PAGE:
We are well into the cold and, occasionally, snowy days of November. It’s Thanksgiving month and Veterans Day has just passed. One group has found the ideal way to thank a veteran by covering them with comforting and healing Quilts of Valor.

The local chapter of the national and international Quilts of Valor Foundation chartered in April of this year, a natural outgrowth of a group in central Nebraska created by an Alliance woman’s sister, now led by a Hemingford woman’s daughter. It appears a match made in quilting heaven.

Kathy Dye is the local leader of the Panhandle Blocks group of about seven or eight in the Panhandle, the only group west of Kearney in Nebraska. There are five chapters in Wyoming and only one in South Dakota.

About three years ago, Dye got snowed in at her parent’s during the holidays. Her sister put her to work piecing quilt squares and she was hooked. “God put it on my heart,” she said. Each time she attends a presentation, her faith in the group’s God-work is renewed.

Presentations, sometimes made in public venues, but often in private – at a family dinner or even a hospital bedside – are touching affairs. Dye said she cried when the Hemingford Junior Legion Auxiliary presented a Quilt of Valor to Hemingford High School vo-ag teacher Gordon Karney at an all-school assembly last week.

Dye said while she grew up as a farm girl in a quilting family, she had never pieced a quilt before. She’d taken part in embroidering blocks, but putting an entire quilt together is project for many hands.  Groups, clubs and individuals might donate individual blocks, other groups sew them together and some volunteers use the longarm sewing machine to finish the quilting. Still others hand quilt the tops, backing and batting between together with tiny intricate stitching of their own making.

“They give their best, so we give our best,” Dye said when I inquired why the tops aren’t simply tied together as many more amateur quilters are able to do. The QOVF has standards for quilts given through their program. Red, white and blue fabrics are not a prerequisite, but most recipients, given a choice, choose a patriotic theme.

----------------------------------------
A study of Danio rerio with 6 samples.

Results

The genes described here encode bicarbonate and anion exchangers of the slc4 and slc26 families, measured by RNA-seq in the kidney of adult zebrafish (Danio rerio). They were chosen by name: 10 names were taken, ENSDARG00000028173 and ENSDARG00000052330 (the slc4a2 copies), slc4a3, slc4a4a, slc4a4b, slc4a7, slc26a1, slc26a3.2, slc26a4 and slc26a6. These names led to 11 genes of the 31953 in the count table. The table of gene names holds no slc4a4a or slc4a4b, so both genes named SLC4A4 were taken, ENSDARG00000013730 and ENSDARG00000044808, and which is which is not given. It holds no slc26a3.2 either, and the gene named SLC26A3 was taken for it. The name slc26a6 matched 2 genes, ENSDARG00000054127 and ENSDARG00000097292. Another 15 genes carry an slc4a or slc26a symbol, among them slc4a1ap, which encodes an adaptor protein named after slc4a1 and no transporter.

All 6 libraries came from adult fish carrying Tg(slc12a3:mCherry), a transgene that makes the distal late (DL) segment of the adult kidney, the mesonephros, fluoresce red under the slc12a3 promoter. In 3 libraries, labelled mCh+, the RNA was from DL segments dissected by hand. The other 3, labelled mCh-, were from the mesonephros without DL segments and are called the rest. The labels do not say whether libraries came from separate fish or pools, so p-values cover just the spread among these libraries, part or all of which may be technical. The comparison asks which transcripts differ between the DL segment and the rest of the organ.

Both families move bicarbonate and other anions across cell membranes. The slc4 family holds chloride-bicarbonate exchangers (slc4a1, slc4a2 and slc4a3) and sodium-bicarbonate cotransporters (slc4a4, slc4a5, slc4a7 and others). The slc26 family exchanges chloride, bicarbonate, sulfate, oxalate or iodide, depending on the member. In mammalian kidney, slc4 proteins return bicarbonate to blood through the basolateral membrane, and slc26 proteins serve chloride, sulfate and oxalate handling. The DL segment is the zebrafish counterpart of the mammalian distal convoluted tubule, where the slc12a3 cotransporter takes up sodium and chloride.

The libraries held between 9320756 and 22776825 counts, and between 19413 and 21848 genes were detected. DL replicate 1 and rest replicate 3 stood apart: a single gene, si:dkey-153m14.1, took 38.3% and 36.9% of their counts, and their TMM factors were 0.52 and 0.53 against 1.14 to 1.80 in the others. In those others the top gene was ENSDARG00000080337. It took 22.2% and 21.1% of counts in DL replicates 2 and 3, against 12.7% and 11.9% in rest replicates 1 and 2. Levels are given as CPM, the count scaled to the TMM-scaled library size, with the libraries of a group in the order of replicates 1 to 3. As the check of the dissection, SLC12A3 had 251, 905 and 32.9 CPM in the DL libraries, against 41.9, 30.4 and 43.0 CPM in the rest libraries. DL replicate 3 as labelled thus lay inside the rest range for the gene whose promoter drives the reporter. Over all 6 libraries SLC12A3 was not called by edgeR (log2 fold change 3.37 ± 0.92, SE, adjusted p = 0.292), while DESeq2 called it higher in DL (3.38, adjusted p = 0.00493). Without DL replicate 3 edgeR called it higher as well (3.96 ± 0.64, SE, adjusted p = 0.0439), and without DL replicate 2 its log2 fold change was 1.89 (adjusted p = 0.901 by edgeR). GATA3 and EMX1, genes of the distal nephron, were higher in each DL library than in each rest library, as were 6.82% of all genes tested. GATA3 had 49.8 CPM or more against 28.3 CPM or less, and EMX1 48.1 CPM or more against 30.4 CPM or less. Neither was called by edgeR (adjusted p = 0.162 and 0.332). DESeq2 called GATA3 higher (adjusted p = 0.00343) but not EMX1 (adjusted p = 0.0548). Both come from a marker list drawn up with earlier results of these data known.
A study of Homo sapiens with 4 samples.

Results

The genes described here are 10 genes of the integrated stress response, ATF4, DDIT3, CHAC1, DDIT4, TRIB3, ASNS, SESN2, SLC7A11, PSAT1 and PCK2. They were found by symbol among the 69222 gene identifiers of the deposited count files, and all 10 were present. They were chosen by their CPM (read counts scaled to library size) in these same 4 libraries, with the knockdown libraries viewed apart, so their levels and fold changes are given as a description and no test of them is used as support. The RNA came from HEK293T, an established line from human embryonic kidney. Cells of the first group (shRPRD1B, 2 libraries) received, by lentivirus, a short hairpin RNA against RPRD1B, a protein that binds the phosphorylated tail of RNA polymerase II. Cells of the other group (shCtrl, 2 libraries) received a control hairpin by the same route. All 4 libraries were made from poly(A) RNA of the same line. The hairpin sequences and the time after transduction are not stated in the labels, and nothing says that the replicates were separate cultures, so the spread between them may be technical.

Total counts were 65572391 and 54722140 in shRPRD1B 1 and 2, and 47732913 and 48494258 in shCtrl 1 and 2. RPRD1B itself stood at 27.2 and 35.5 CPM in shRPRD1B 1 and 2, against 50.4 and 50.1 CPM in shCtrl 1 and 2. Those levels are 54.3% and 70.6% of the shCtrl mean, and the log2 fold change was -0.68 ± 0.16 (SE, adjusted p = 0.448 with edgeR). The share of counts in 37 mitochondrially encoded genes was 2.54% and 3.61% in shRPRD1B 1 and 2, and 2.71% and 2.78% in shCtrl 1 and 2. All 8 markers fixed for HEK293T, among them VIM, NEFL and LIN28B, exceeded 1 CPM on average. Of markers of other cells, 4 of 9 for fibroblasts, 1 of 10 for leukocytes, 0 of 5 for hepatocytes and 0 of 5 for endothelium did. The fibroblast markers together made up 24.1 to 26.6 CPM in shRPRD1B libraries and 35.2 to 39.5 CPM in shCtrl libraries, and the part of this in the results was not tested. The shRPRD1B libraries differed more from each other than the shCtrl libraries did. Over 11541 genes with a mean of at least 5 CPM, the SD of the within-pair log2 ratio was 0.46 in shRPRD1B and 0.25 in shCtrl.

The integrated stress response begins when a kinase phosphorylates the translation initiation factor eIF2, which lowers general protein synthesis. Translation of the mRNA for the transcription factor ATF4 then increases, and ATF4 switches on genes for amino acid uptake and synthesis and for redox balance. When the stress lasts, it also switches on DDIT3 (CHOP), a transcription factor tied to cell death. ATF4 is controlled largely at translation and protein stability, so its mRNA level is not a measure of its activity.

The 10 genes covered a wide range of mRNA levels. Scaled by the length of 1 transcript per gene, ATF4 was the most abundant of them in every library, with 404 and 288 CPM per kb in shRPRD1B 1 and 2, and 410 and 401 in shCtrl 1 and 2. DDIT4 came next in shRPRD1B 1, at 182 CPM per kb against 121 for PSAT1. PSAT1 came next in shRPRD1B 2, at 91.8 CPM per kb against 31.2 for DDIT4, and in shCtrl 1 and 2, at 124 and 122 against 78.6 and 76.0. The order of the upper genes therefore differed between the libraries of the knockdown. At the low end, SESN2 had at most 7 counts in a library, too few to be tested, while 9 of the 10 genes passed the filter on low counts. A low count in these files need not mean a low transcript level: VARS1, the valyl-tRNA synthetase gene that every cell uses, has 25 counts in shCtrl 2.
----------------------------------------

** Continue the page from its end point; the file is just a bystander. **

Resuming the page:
Patterns and blocks can be of any design and the QOV offers patterns free for charter members to download. Fabric weight must be a high quality 100% cotton, with particular folds and seams for the binding, as well.

During our Sunday afternoon conversation, Dye was binding a quilt by hand, a task she often carries with her – one quilt rode around in a basket in her pickup to take advantage of short bits of sewing time between errands and chores. The finished quilts are presented in a formal fashion, too.

Nationally, the QOVF has presented more than 200,757 quilts so far. They had planned their 200,000th quilt to be presented in November, Dye said. But, Veterans Day came early in this case with the 200,000th quilt finished in October. Each chapter took advantage of the momentum to present a 200,000th memorial quilt in November; the Panhandle’s quilt to Karney.

Natasha Schumacher, leader of the legion kid’s group, has supervised children creating blocks at Pat’s Creative, a nationally-recognized quilting shop near Hemingford. She oversaw the children in the presentation of Karney’s quilt last week.

Detailed in this week’s Hemingford Ledger, the AmericanLegion Riders greeted students, staff and members of the public with a displayof flags and HHS seniors handed out smaller flags to all elementary students. LegionPost #9 Chaplain Troy Sorensen, a veteran of the Iraq war, delivered theinvocation and masters of ceremony were HHS seniors Koby Coryell and LaurenGasseling.

Following some Veteran’s Day music, veterans Alan Danbom and Lyle Fodnes spoke of the Veterans Honor Flight, then Schumacher presented the quilt to Karney. Her junior reps are 10, 11 and 12, all students at Hemingford Elementary. Schumacher said the quilt is meant to be used. “The more it is used the softer and more beautiful it will become,” she said.

Dye said her first QOV award ceremony was to a father and son duo near Alliance, Ray and Warren Crawford. “I had seen video and heard about presentations,” she said. “I knew they were very powerful, but seeing their reaction, I wanted to go home and thread my needle (to start another quilt).

Dye and her daughter Alyssa Dye will present a program atthe Alliance Public Library this evening, Thursday, November 15, at 7 p.m.

The QOV’s core values read like a list of standards we might all emulate: treat people with respect, promote excellence, value service over self and be accountable. The quilts represent more than a warm blanket on a cold, snowy November day. They provide literal comfort and healing as the foundation’s vision states.

It’s a nice opportunity to say thank you to our veterans, but I’d also like to thank these ladies who give so much of their time to honor the men and women who served.